Campfire is Burning
The three Sub camps - Buni, Tatua and Vumbua gathered round campfires despite light showers in the evening. In a great spirit of friendship and diversity, they had fun playing games, dancing, and singing songs in different languages such as Swahili, English, French and German.
Campfires have been an integral part of Scouting since inception. They serve as a focal point for Scouts to gather, bond and share stories. Campfires provide a unique opportunity to showcase talents, from singing songs and telling stories, to performing skits and stunts.
Beyond entertainment, campfires also teach Scouts important life skills, such as teamwork, leadership, and communication. As Scouts gather around the fire, they learn to work together to keep it going, and to take turns leading activities. They also learn to listen actively to others and to express themselves confidently.
Moreover, campfires are an opportunity for Scouts from different backgrounds to connect with nature and appreciate the outdoors. The warmth of the fire and the natural setting create a sense of camaraderie and belonging, fostering a love of the great outdoors.
At Buni sub camp they played campfire songs allowing every contingent to make a presentation as they all joined in to enjoy the moment. Despite the long journey from Nyeri, Tatua sub camp also gathered for their campfire in big numbers. Vumbua sub camp was really psyched up and started their campfire earlier than the others. Equipped with musical instruments likes guitars and drums they played and danced happily to different musical tunes. In the end they all dispersed and retreated to their tents to take their rest after a long day full of activities.
Caring for the Earth
On this Earth Day themed “Invest in our Planet” the participants took part in a tree planting exercise at the Nairobi Chapel grounds. Earth Day is an annual event commemorated on April 22 to demonstrate support for environmental protection.
The participants looked happy and quite excited to plant the trees because they knew they are contributing to creating a better ecological environment, not just for themselves but for future generations as well.
Beyond planting the trees, they were taken on a tour of the church and listened to an interesting presentation about how they started and established a lot of more churches in different countries. They also heard about how the Church community also founded an elementary school which made of shipping containers.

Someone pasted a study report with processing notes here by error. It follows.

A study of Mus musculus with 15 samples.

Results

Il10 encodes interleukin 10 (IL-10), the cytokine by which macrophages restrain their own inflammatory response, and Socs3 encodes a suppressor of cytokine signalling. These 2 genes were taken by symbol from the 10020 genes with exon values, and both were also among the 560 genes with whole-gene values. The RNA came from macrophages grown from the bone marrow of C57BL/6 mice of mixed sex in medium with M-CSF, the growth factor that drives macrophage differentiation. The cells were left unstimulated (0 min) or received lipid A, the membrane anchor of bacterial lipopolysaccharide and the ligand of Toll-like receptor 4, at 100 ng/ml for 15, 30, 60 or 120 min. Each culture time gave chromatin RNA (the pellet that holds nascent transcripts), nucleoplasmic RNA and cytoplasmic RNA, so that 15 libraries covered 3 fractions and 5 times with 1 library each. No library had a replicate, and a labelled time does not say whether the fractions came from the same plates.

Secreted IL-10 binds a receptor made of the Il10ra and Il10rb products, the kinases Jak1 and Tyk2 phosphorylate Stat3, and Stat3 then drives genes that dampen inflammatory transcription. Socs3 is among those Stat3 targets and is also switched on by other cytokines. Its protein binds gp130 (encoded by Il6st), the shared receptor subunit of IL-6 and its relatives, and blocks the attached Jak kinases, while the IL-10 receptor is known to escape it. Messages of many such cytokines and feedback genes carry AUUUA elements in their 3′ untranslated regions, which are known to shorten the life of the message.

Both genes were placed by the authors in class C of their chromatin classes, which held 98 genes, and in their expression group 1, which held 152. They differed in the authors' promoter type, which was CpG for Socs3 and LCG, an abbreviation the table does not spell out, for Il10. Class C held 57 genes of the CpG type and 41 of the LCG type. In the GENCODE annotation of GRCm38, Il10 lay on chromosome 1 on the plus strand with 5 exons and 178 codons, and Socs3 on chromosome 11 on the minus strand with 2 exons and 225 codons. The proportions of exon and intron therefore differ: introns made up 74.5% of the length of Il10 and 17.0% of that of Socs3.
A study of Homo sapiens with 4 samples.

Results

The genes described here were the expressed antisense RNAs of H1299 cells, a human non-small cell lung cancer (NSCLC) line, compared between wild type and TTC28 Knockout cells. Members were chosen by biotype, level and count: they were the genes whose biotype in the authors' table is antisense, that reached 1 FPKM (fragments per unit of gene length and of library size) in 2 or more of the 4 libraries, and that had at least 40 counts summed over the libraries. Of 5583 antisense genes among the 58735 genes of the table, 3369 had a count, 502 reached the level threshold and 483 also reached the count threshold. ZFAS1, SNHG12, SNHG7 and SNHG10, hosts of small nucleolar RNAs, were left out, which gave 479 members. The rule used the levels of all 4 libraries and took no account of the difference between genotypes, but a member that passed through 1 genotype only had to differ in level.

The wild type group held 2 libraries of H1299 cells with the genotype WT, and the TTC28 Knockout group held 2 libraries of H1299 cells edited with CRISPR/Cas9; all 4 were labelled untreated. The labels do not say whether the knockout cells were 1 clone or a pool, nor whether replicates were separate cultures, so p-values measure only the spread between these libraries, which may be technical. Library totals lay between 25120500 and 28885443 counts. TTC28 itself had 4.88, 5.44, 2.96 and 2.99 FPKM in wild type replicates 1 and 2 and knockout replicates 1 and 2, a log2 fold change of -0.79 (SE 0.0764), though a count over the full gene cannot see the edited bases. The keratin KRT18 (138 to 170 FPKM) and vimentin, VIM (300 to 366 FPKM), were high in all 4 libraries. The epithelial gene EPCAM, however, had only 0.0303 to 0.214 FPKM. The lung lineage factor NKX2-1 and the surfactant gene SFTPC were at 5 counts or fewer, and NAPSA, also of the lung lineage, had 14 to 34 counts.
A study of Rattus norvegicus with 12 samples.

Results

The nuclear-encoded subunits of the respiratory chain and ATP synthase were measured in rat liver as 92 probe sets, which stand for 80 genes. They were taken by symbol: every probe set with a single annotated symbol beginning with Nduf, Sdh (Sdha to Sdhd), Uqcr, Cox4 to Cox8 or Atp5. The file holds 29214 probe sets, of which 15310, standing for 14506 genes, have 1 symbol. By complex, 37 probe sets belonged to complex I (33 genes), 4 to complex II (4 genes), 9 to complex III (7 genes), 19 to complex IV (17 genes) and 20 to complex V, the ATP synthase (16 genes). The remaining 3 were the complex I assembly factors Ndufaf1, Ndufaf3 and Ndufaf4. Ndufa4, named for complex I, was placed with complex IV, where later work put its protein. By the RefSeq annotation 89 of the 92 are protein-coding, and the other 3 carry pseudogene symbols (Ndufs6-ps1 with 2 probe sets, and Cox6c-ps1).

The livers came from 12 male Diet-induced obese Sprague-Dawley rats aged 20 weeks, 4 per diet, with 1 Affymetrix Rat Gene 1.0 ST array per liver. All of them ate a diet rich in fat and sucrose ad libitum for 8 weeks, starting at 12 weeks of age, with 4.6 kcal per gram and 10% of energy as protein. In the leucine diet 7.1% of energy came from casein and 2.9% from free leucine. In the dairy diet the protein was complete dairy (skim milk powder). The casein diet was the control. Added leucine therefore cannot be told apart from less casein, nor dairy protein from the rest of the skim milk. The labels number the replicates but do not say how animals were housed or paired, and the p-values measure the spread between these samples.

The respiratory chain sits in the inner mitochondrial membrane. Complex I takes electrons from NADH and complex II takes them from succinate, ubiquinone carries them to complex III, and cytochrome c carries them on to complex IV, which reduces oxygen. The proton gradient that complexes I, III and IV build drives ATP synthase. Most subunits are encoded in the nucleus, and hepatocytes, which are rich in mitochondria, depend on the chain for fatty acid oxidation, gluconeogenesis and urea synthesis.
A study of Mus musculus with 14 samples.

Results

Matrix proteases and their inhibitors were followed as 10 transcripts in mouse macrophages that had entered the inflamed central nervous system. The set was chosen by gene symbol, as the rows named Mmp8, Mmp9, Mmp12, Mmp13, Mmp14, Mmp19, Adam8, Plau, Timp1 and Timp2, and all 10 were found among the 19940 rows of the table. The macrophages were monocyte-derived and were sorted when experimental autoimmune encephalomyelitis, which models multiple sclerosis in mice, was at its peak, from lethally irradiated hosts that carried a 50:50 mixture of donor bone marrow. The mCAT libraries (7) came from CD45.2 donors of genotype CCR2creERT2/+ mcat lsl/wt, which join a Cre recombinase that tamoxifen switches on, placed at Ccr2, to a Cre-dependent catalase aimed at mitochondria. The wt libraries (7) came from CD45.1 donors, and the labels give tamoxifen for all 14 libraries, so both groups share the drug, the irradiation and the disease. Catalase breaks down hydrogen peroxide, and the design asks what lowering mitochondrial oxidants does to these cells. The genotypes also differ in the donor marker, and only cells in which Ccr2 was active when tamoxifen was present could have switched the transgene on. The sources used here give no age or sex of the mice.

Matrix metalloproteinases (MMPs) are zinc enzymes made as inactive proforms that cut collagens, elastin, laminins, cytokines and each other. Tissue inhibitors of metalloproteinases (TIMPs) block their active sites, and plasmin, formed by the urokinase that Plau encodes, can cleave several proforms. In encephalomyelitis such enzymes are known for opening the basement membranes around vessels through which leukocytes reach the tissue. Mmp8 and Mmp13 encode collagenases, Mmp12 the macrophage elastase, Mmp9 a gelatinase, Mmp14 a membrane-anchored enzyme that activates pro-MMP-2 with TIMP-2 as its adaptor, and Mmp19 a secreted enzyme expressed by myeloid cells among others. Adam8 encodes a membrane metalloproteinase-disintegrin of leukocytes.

“Hopefully when we come back in the future, we can see much bigger and stronger trees and sit under their shade,” said Miklos Selley from Hungary.
We spoke to the leadership of the camp on how the Moot has turned out. Here’s what they said:
Frederic Kama-Kama (Regional Director)
“This Rover section for Scouting in very important. The idea of keeping and supporting them to develop their talents, skills, and competencies so that they can be useful to the society is also the objective of Scouting.”
Anthony Gitonga (Chair, Moot Organizing Committee)
Congratulations to you all. Your names will go down in history as participants of the very first Africa Rover Moot. Many more will be held but as you can imagine, the first will never be forgotten.”
Moses Danda (National Executive Commissioner)
“I am happy that despite the challenges and not getting all what we needed, we crafted the moot in a way we could do it as it is now. The result is just marvelous.”
Ruth Gasson, (Deputy Camp Chief, Administration)
“When you have a good team, everything works out well. For logistics to work, it’s not a one-man show, it’s a team of people who work together.”
Abdallah Waira (Deputy Camp Chief, Programme)
It’s relief now because everything that we had planned is moving smoothly and working as we had hoped.”
Phinehas Muita (Camp Chief)
I really want to appreciate the team that has given their dedication to the delivery of the moot, to see that the vision and the planning has come to be actualized.”